There are plenty of culprits to blame for the Jets’ offensive struggles this season. From the play-calling to the blocking to the quarterback play, there is blame to go around. But the wide receiver position has been one of the biggest black holes on the Jets this season.

As a group, the Jets wide receivers have 98 catches for 1,277 yards and six touchdowns, all near the bottom of the league rankings for receivers. This is how bad those numbers are. Vikings wide receiver Adam Thielen has 85 catches for 1,013 yards and seven touchdowns — himself. His numbers compare favorably with the entire Jets receiving corps.

The lack of production by Jets receivers has been particularly pronounced during their four-game losing streak. Ankle injuries to Robby Anderson and Quincy Enunwa have played a role in the Jets’ struggles, but the healthy receivers are struggling to get separation, making mental mistakes and dropping passes.

“It’s all the way around, inclusive,” Jets coach Todd Bowles said. “If we’re open, either we were getting sacked or we didn’t get open and we had time. It’s all inclusive. It’s just not the position itself. It’s our offense as a whole. We just got to [find] ways to get better in the red zone, find a way to punch the ball in the end zone.”

None of this is helping rookie quarterback Sam Darnold and his development. Darnold played terribly against the Dolphins on Nov. 4 before he was sidelined with a right foot injury, but there have been games this year where he is getting very little help from his supporting cast. Receivers have caused some of his 14 interceptions by dropping passes into defenders’ waiting hands or running poor routes.

A Jets wide receiver has not scored a touchdown since the Oct. 14 win over the Colts. That receiver was Terrelle Pryor, who has not been on the team in a month.

The Jets were counting on their top three receivers being good enough this year to help Darnold through his growing pains. But Enunwa (29 catches, 345 yards, one touchdown), Anderson (21 catches, 346 yards, three touchdowns) and Jermaine Kearse (24 catches, 231 yards, no touchdowns) have been extremely inconsistent. As a group, Jets receivers rank 28th in receptions this year (98) and 27th in yards (1,277).

Improving at wide receiver will be one of many priorities for general manager Mike Maccagnan this offseason. Both Enunwa and Kearse are free agents and Anderson is a restricted free agent. Right now, the best guess is the team brings back Enunwa and Anderson but lets Kearse walk.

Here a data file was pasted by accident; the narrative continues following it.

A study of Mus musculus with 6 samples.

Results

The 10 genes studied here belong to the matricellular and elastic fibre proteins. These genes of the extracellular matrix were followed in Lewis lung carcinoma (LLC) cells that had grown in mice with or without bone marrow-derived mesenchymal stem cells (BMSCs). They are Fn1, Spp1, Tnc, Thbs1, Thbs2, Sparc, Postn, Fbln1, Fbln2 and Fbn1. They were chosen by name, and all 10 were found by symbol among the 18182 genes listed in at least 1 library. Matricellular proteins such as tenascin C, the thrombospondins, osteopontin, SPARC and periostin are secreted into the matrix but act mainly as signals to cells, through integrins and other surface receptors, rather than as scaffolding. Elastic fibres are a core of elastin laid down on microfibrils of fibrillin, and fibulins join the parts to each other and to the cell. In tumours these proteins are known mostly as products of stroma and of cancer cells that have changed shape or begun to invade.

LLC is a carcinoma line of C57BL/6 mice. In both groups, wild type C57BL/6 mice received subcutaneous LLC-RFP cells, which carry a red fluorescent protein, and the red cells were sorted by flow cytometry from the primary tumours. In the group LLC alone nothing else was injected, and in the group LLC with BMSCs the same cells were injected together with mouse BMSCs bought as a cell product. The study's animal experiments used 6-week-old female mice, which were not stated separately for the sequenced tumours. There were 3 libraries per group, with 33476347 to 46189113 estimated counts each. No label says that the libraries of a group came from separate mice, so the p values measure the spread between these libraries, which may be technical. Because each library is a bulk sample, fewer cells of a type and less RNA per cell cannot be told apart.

Golden Tate
Golden Tate is part of a lackluster wide receiver free-agency group.Getty Images

That would leave Maccagnan searching for a true No. 1 wide receiver to push Enunwa and Anderson into the Nos. 2 and 3 slots, where they are more suited. The problem is there are not any easy solutions out there.

The Jets will be armed with around $100 million in salary-cap space, but the free-agent class at receiver is underwhelming. Devin Funchess, Kelvin Benjamin, Golden Tate and Donte Moncrief are the top projected free-agent receivers. None of them is what you look for in a No. 1 receiver.

Maccagnan could turn to the NFL draft for help, but there are no receivers projected as top-10 picks in this year’s class. They can cross their fingers that they find one in the later rounds, but Maccagnan has shown no ability to find hidden gems in the draft.

The best bet for Maccagnan may be working the trade market. Talented wide receivers sometimes wear out their welcome with teams or a new coaching staff arrives and does not want to keep a highly paid, veteran receiver as it rebuilds. The Jets have gone down this road a few times before — Braylon Edwards in 2009, Santonio Holmes in 2010 and Brandon Marshall in 2015. Those all turned out to be temporary fixes, but each of those players had a strong start to their time with the Jets.

There is a long list of things to fix for Maccagnan this offseason. Wide receiver needs to be near the top of the list for Darnold’s sake.


Darnold (foot) did not practice again Thursday. He was in uniform but was only a spectator, making it highly unlikely he will play Sunday against the Patriots. The following starters also did not practice: WR Robby Anderson (ankle), safety Marcus Maye (shoulder, thumb), LG James Carpenter (shoulder) and OLB Brandon Copeland (elbow). WR Quincy Enunwa (ankle) was limited. … Patriots QB Tom Brady (knee) was limited for the second straight day.